Mizzou Black Men’s Initiative partnered with the American Red Cross, the Interfraternity Council and Kappa Alpha Psi and Omega Psi Phi fraternities Tuesday to sponsor the third annual Blood Brothers Blood Drive.
Stotler Lounge was transformed into a blood donation clinic. White foldable dividers filled the room to give donors added privacy. A staff of four Red Cross nurses were stationed around the room, and radio played softly in the background.
MBMI Event Coordinator Marcus Mayes sat with his computer at a table covered with post-donation snacks to make sure the event went smoothly.
Mayes said the sponsors of the drive set a goal of 100 donations. He said he was concerned the rain would deter donors from attending.
Students and staff trickled in throughout the day. Mayes said two hours were added to the drive this year in the hope that more people would sign up to donate.
The donor count at the end of the drive was 100, said Craig Jackson, donor recruitment representative for the Red Cross. He said 20 percent of the blood donations in Boone County come from college campuses.
“Our blood donations drop in number during winter and summer break, so it’s always good to replenish the supply,” he said.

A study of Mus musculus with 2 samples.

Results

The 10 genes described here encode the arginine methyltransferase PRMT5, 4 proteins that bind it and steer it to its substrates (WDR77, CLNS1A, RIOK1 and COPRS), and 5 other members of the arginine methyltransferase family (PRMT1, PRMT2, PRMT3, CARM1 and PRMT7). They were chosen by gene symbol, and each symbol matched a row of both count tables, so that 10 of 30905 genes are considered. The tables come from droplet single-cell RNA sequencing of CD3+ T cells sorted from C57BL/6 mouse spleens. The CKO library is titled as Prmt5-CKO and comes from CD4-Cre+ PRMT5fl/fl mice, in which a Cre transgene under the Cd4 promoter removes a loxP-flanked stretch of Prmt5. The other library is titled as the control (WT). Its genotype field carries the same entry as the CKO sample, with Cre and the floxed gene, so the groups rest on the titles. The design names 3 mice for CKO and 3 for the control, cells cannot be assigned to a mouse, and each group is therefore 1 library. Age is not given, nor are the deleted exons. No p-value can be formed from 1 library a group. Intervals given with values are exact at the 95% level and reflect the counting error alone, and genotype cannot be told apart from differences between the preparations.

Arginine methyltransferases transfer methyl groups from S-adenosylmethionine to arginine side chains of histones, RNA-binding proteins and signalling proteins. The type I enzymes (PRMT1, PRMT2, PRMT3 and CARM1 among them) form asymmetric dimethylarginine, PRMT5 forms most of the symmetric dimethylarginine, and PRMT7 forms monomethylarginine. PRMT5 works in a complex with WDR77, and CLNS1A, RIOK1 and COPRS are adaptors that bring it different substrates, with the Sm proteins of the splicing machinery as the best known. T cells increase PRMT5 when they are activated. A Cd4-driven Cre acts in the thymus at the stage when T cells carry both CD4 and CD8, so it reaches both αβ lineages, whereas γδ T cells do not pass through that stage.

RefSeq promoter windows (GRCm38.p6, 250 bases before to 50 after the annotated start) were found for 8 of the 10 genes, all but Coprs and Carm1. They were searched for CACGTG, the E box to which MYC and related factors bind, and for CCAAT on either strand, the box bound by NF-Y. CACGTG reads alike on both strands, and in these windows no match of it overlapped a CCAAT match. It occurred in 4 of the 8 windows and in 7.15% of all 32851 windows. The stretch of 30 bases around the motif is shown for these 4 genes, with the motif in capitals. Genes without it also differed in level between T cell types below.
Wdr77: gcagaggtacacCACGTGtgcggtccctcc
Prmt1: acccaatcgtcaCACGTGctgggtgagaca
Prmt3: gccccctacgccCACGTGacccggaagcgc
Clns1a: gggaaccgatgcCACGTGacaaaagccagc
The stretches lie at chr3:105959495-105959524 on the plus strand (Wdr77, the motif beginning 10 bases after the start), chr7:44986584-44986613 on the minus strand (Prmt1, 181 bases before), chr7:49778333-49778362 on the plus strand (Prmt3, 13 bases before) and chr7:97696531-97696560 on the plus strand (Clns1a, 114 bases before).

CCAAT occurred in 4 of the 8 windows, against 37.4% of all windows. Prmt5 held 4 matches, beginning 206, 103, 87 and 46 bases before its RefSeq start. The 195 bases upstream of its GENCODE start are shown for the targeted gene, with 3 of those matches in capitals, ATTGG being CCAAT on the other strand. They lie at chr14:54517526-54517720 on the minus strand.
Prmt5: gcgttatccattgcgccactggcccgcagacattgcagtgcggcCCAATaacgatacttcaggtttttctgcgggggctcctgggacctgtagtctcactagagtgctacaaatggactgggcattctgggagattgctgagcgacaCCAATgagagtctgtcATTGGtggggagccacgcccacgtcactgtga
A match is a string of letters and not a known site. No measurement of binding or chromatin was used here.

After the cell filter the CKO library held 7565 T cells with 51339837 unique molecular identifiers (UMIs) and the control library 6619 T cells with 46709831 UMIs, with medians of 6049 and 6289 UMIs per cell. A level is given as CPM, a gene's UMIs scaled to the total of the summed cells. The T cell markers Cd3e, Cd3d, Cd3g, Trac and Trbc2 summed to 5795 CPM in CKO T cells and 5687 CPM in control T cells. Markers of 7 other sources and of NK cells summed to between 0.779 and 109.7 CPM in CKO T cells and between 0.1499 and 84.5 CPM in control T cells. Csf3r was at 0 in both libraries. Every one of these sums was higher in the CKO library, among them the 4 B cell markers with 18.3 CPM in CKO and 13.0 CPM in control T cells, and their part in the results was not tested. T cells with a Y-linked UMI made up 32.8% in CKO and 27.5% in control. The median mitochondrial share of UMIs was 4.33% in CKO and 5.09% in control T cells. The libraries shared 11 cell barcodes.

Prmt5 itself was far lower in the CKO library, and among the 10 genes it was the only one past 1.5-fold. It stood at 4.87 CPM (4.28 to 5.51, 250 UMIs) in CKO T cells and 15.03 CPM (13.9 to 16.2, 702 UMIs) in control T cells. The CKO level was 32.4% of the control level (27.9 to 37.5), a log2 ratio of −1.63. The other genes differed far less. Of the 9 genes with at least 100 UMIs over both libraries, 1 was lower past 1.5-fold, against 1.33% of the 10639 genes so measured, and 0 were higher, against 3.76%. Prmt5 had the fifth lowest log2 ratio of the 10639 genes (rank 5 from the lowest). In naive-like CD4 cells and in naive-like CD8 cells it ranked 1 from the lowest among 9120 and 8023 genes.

Jackson said, although this blood drive does not bring in as many donors as the Homecoming or Greek Week drives, this was an above average drive for Boone County. On average, 25 units of blood are donated per drive, but the Blood Brothers drive brought in four times that number.
Phillip Simpkins, a member of Omega Psi Phi fraternity, said his fraternity sees the drive as a very important event because one of fraternity's well-known alumni, Charles Drew, completed groundbreaking research in the field of blood transfusions and also helped improve blood storage techniques.
Austin Ratzki, an IFC member, also helped out at the drive. He said he donated blood at the first Blood Brothers Drive in 2011 and decided to donate again this year. Ratzki said it is important to show support for the Blood Brothers Drive even though it is not as big as the drives held during Greek Week or Homecoming.
“Everyone needs blood and anything will help,” he said.
Mayes said he was satisfied with the turnout, but, like every year, the biggest challenge the blood drive faced was informing the student body about the event.
“It’s hard to spread the news,” he said. “The first week of classes is always chaotic.”